What is AAHA Accreditation?

Published on February 12, 2015 by in Blog, Pet Care


Photo Credit: www.aaha.org

Photo Credit: www.aaha.org

It may not seem like something that should matter for pet owners, but trust me – it should!  When Megan and I worked at Toms River Animal Hospital, we helped the hospital prepare for it’s inspection and that experience has given us a lot of insight.

Is it really important?

Yes!  The veterinary practices who pride themselves on meeting the strict policies and protocols do it because they have your pet’s best interest at heart.

They undergo a comprehensive inspection of their facility, patient procedures, and patient records because they want to provide the best care in veterinary medicine.

AAHA requires that over 900 items be addressed before a practice can earn its AAHA Accreditation.

Dr. Koenigstein of OCVH treating a gecko

Dr. Koenigstein of OCVH treating a gecko

What does it mean for you and your pet?

From a pet owner prospective, bringing your pet to an AAHA accredited practice should give you added peace of mind.  The AAHA accreditation requires the practice have written protocols about many important topics such as:

  • Pre-anesthsia protocol: they have a protocol requiring diagnostic tests before anesthesia is administered to help ensure the pet is healthy enough to receive anesthesia.
  • Patient monitoring: they have a protocol to monitor and evaluate patient care
  • Anesthetic Supplies & Equipment: they keep a current log of all maintenance and repairs to all anesthesia machines
  • Contagious Diseases: they have a protocol in place for the treatment of contagious pets and how the contagion is contained without exposing other pets
  • Pain Management: they have a protocol in place to address preemptive pain control, situations known to be associated with pain, names of pain medications and more.
  • Surgery: they have a protocol in explaining how to prepare a patient for surgery, what products should be used and how long they should be used.  It should also address proper preparation of the veterinarian, staff, surgical instruments and surgical suite.

Having written protocols for those items in addition to at least a dozen more may not seem as though it should matter for a pet parent.  But think about the time and energy it took to create those protocols.  It shows that the practice is dedicated to providing the same care to each of it’s patients.  Those protocols help ensure that each staff member understands what is expected of them and how procedures and care should be performed.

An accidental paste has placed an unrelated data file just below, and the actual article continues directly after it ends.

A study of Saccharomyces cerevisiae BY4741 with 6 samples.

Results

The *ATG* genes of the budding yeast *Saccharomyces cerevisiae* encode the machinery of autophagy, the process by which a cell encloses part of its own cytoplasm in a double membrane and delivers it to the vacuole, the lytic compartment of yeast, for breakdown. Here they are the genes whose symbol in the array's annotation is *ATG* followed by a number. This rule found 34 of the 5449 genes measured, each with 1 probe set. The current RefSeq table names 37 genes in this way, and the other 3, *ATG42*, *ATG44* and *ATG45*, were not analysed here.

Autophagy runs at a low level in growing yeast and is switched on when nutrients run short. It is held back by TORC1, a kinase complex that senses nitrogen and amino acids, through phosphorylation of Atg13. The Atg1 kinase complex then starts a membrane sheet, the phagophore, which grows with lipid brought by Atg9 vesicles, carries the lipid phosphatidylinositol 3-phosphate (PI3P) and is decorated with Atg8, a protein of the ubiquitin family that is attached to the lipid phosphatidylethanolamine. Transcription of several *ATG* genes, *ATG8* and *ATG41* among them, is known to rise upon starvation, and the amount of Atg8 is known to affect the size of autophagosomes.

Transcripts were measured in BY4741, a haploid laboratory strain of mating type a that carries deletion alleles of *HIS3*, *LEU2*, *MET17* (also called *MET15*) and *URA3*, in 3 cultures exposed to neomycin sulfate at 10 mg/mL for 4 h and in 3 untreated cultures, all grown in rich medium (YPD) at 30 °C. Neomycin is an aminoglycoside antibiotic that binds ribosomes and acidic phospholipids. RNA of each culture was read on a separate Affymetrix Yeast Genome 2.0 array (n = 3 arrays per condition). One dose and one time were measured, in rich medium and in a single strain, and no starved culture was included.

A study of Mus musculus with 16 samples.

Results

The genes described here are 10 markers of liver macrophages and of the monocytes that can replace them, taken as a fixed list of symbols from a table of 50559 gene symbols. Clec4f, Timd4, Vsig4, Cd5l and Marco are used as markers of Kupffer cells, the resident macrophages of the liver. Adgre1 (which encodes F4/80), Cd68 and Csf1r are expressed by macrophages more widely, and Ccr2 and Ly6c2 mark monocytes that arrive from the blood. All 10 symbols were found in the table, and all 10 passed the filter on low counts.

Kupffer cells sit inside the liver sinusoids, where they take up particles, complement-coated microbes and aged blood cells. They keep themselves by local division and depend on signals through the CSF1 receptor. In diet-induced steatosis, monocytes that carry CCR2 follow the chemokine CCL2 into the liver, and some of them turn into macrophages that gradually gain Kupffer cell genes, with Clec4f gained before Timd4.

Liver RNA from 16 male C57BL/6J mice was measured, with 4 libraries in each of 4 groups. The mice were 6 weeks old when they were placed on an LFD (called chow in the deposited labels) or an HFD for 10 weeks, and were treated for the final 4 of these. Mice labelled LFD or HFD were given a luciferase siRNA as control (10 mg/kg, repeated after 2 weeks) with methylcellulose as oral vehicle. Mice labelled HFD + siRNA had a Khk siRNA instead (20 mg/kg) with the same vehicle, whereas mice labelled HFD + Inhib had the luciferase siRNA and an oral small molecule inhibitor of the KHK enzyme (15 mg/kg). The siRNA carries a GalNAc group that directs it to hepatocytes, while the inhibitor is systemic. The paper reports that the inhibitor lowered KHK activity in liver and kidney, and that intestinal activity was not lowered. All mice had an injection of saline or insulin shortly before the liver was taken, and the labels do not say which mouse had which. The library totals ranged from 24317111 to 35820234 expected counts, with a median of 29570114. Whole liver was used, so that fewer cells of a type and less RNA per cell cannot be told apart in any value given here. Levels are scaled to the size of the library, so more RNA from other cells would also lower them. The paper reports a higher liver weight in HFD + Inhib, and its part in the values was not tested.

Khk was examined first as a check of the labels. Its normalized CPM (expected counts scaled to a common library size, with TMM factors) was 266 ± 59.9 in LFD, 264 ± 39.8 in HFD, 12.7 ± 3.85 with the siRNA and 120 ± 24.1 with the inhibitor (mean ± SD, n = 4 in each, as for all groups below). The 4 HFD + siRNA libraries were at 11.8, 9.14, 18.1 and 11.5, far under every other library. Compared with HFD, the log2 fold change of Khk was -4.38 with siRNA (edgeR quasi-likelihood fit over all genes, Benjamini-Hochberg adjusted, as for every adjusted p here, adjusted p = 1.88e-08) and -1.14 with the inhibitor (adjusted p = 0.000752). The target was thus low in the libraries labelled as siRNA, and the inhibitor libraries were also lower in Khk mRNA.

In addition to having written protocols about patient care, it is also important to have training for client care as well.  That is why part of the AAHA accreditation is to provide some of the following client protocols:

  • Client Communication:  they should have a training protocol explaining how to answer the phones, take messages, transfer calls, use the computer system and more
  • Patient Medical Records:  they should have a written protocol explaining how examinations, diagnosis, prognosis, treatment plans, costs and follow up care is explained to clients
  • Patient Discharge:  they should have a protocol explaining who discharges the pet, how the discharge is scheduled, when the discharge is scheduled, what information needs to be explained to the client, and how to prepare the pet for dischare
  • Ethical Practices:  they should have a written ethical philosophy to be used when encountering ethical issues
  • Management Plan:  they should have a written policy explaining the management of the practice and outline who the managers are in each area of the practice
  • Disaster Plan:  they should have a written disaster plan outlining evacuation of people and animals, an evacuation meeting place outside, location of breakers, water shut off, gas shut off, etc.

 Are there any AAHA Accredited Animal Hospitals in Our Area?

You might be pleasantly suprised to learn that that are 6 AAHA Accredited practices in Toms River and the surrounding areas.  Here is a list of them:

If you don’t live in the Toms River area, please visit this website to search for an AAHA Accredited practice in your area.